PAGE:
Suicide bomber kills 7 in Syrian city
By The Associated Press
Published: Saturday, June 8, 2013, 6:33 p.m.
BEIRUT — A suicide bomber detonated his explosives-laden car Saturday in Syria's central city of Homs, tearing through an area largely populated by the regime's Alawite sect and killing seven people, a state-owned TV station reported.
Meanwhile, government troops took control of a key village as the regime presses its offensive to clear a path between Damascus and the Mediterranean coast.
With the help of Lebanese Hezbollah fighters, President Bashar Assad's regime has been chasing rebels from long-held strategic areas linking the capital, Damascus, with the government stronghold areas along Mediterranean coast. It gained momentum last week after seizing the strategic city of Qusair and the army has begun advancing north toward the cities of Homs and Aleppo.
Syrian state TV also said Saturday that government troops took control of the village of Buwaydah between Qusair and Homs after intensive clashes.
Abu Bilal al-Homsi, an activist in the old quarter of the city of Homs who has links with several rebel groups, said via Skype that rebels suffered heavy losses late Friday as they attempted to flee the village with their wounded and civilians. Al-Homsi asked to be identified by his alias because of security concerns.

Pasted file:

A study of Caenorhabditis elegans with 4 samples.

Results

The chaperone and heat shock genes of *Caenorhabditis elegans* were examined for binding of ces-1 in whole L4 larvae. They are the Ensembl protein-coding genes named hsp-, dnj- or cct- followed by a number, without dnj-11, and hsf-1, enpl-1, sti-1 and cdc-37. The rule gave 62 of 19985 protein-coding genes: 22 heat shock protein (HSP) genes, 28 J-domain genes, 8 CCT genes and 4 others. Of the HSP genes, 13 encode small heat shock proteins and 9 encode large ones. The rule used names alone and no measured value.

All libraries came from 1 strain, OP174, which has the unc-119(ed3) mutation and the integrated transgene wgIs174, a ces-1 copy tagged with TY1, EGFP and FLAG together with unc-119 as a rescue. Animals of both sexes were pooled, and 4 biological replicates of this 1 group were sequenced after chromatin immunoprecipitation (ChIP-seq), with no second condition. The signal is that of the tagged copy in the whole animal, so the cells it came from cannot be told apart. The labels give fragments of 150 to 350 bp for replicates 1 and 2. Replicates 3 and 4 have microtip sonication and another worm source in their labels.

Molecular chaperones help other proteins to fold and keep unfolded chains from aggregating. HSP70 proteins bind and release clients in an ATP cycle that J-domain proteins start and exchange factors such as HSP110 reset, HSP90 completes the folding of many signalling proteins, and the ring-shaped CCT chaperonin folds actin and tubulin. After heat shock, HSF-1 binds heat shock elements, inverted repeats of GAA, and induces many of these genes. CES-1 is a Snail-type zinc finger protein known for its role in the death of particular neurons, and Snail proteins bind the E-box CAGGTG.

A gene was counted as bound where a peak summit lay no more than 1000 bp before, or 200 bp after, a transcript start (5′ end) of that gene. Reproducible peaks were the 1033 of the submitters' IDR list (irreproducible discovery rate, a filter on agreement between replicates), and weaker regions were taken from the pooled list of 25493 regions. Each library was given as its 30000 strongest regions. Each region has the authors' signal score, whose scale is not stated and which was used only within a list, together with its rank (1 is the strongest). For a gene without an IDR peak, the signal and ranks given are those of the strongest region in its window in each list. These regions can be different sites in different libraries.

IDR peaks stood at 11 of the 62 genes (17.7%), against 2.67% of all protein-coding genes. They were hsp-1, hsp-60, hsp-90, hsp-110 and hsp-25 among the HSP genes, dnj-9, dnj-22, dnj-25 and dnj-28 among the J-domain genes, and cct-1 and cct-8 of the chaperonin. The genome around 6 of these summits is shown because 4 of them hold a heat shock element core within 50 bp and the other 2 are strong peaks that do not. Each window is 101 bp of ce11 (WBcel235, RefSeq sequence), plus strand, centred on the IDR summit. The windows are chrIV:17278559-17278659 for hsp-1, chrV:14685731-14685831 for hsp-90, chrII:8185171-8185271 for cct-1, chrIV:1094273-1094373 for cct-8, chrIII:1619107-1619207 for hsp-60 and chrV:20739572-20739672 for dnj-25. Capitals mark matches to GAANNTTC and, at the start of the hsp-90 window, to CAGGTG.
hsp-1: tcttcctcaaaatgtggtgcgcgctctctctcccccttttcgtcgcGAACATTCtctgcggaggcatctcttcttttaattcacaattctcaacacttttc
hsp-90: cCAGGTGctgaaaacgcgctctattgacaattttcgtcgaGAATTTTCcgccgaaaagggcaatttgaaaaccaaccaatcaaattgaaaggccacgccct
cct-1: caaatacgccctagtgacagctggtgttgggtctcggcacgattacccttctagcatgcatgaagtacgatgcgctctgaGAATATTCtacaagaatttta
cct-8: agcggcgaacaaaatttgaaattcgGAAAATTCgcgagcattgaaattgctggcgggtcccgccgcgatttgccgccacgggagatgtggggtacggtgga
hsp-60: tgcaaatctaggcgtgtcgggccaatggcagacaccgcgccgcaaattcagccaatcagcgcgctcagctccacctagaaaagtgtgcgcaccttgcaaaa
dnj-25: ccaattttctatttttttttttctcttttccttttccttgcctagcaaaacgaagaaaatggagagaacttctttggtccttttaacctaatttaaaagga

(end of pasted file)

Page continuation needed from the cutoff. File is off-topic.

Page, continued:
The state-owned Al-Ikhbariya TV said the attacker detonated the explosives-laden car in a busy area near a roundabout in the Homs neighborhood of Adawiya, which largely houses Alawites, members of a minority sect that is an offshoot of Shiite Islam. The report said the seven killed included three women and a teenager. It said 10 other people were wounded as the blast heavily damaged nearby houses and vehicles.
The Britain-based Syrian Observatory for Human Rights, which relies on a network of informants inside Syria, confirmed that the car was booby-trapped. It also said seven were killed, citing preliminary reports.
Nobody claimed responsibility for the attack, but car bombs are the usual tactic employed by Sunni extremists among the rebel ranks.
The rebels are largely from Syria's Sunni Muslim majority and have been joined by Sunni fighters from other countries, while the government is backed by fighters from the Shiite militant Hezbollah group, making the conflict increasingly sectarian in nature.